Medium to bright sun is best for peperomia. An East facing window is good or artificial lighting turned on 14 hours a day will help keep the leaves brightly colored.
Bloom Period and Plant Shape
The flowers on peperomia are tall, narrow green or brown stalks. The plant leaves can be tiny or large depending on the selection. They often are thick and succulent and compared to rubber tree leaves. In fact, a common name is baby rubber tree. However, the two plants aren’t related.
Mature Height x Spread
Peperomia can grow up to 3 feet tall in a tropical climate. Indoors in pots most plants stay less than 1 foot tall. This makes peperomia a great tabletop or countertop houseplant.
How to Plant
Plant peperomia in orchid pots or plastic pots filled with well-drained soil. Pepermia has a small root system so needs well-drained soil or the roots may rot. A potting mix with perlite, gravel and peat moss is best for drainage. Outdoors grow peperomia as annuals in all but tropical areas. Grow in a shady location and bring plants indoors when temperatures dip below 50F.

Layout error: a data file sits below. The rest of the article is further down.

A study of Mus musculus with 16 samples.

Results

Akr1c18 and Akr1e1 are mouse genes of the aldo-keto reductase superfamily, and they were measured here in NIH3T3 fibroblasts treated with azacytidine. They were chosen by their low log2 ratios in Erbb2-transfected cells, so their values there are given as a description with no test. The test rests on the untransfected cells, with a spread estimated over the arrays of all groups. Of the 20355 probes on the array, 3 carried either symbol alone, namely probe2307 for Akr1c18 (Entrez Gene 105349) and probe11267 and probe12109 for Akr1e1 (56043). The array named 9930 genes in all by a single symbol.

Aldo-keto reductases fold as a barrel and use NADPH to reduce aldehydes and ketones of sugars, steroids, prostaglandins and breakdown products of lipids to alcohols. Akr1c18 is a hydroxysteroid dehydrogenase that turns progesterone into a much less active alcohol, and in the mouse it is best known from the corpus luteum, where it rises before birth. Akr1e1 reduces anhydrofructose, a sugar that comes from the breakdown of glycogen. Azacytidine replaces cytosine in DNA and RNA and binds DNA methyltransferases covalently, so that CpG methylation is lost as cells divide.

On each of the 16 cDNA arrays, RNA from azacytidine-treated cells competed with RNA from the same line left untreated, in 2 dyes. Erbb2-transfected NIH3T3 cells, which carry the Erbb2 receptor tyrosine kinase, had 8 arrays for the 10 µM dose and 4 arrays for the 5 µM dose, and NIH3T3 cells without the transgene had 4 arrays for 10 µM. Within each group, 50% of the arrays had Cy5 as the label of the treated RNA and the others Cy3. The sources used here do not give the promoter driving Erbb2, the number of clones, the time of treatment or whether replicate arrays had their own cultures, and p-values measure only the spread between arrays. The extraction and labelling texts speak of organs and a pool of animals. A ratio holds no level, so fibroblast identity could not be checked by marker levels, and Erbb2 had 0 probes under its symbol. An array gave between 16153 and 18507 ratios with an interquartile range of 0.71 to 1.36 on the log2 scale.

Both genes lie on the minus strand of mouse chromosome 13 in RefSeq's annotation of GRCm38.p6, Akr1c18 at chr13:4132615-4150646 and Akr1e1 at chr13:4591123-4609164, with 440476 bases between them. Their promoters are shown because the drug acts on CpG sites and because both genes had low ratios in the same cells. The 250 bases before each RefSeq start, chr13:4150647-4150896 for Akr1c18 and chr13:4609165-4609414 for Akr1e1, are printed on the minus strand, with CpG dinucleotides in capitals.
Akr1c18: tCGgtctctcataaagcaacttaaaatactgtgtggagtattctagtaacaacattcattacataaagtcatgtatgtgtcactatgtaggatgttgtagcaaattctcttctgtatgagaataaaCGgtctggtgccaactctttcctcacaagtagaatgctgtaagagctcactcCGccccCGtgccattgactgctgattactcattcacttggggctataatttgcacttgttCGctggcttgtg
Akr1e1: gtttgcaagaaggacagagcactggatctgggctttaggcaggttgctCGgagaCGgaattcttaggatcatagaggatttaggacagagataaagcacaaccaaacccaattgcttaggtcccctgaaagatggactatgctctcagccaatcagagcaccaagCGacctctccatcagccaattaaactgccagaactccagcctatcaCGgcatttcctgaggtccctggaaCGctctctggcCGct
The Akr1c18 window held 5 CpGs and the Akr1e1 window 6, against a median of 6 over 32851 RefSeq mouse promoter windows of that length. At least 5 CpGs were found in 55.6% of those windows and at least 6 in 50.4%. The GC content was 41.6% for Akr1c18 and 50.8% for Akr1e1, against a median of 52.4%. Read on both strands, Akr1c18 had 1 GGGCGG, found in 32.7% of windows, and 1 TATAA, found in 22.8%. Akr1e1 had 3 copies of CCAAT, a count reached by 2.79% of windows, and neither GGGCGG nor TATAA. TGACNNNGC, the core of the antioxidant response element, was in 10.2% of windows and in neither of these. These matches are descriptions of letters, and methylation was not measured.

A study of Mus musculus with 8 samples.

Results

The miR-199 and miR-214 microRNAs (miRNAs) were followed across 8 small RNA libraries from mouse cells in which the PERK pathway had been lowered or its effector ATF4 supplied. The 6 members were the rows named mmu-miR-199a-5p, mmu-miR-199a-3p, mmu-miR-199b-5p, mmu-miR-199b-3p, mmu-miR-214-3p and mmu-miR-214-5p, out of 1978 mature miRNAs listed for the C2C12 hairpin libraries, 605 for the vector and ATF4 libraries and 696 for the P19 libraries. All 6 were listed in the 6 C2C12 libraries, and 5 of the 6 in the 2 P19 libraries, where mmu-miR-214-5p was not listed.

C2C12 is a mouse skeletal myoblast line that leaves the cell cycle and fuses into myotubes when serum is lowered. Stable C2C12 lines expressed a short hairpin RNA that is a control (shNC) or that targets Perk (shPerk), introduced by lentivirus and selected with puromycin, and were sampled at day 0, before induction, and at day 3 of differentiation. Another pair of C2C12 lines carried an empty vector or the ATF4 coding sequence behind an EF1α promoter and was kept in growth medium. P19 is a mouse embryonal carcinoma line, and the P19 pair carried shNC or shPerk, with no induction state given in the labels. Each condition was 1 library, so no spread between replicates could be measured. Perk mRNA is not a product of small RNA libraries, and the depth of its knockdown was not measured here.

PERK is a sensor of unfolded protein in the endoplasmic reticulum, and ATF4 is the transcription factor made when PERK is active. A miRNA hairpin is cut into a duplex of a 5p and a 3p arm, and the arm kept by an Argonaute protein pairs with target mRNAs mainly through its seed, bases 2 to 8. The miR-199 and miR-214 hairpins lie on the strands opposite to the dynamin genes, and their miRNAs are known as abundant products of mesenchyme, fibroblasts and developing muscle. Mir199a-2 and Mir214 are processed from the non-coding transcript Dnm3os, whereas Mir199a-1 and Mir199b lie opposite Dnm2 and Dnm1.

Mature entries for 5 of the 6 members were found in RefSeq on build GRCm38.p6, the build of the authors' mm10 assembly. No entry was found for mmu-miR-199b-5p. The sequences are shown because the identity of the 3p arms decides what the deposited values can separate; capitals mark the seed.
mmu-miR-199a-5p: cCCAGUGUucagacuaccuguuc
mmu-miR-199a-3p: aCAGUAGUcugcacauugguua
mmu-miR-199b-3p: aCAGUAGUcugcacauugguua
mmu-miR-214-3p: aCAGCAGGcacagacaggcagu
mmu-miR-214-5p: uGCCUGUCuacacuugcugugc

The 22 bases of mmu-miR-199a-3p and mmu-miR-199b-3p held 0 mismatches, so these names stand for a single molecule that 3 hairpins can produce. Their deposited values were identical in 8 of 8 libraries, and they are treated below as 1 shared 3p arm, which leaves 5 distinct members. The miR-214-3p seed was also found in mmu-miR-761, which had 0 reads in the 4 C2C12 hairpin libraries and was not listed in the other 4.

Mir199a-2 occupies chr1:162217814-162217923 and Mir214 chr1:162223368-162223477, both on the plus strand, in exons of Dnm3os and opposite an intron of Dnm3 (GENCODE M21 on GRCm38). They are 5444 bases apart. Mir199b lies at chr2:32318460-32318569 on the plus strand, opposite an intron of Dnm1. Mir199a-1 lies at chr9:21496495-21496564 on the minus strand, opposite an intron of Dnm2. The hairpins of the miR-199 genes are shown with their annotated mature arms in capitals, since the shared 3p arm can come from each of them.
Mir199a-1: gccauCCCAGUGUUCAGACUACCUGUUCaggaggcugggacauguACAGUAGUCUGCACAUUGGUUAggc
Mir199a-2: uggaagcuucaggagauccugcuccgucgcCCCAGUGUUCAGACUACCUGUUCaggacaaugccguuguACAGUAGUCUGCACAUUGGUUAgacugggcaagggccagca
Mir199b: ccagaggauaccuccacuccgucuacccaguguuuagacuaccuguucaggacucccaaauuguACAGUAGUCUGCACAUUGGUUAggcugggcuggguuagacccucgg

Grow peperomia in well-drained containers indoors in a bright room. Avoid cold drafts. Peperomia leaves will get sunburned if grown in too bright an area. Bottom water the plants by placing the pot in a tray of water for 5 to 10 minutes to soak up the water through the drainage holes. In winter, keep plants on the dry side, only watering once the soil dries out. Overwatering can lead to root rot and wilting. Fertilize in spring and summer with a houseplant fertilizer. They will only need repotting after a number of years.
Peperomia are known for their succulent, colorful leaves. The flowers are insignificant. Keep the plants deadheaded to prevent rotting leaves from standing on the soil.
Since peperomias are small houseplants that grow slowly in pots, they are perfect for a tabletop, desk, or kitchen counter. You can grow these plants in an office without natural light as long as you have artificial lighting. Peperomias require little care other than the occasional watering and cleaning up spent foliage.
There are more than a 1000 of types of peperomias. Some of the most common types grown as houseplants are ‘Belly Button’ peperomia with its tiny leaves that look like baby tears. ‘Columbia’ peperomia has tri-colored bronze, silver and red leaves. ‘Cupid’ peperomia has heart-shaped leaves.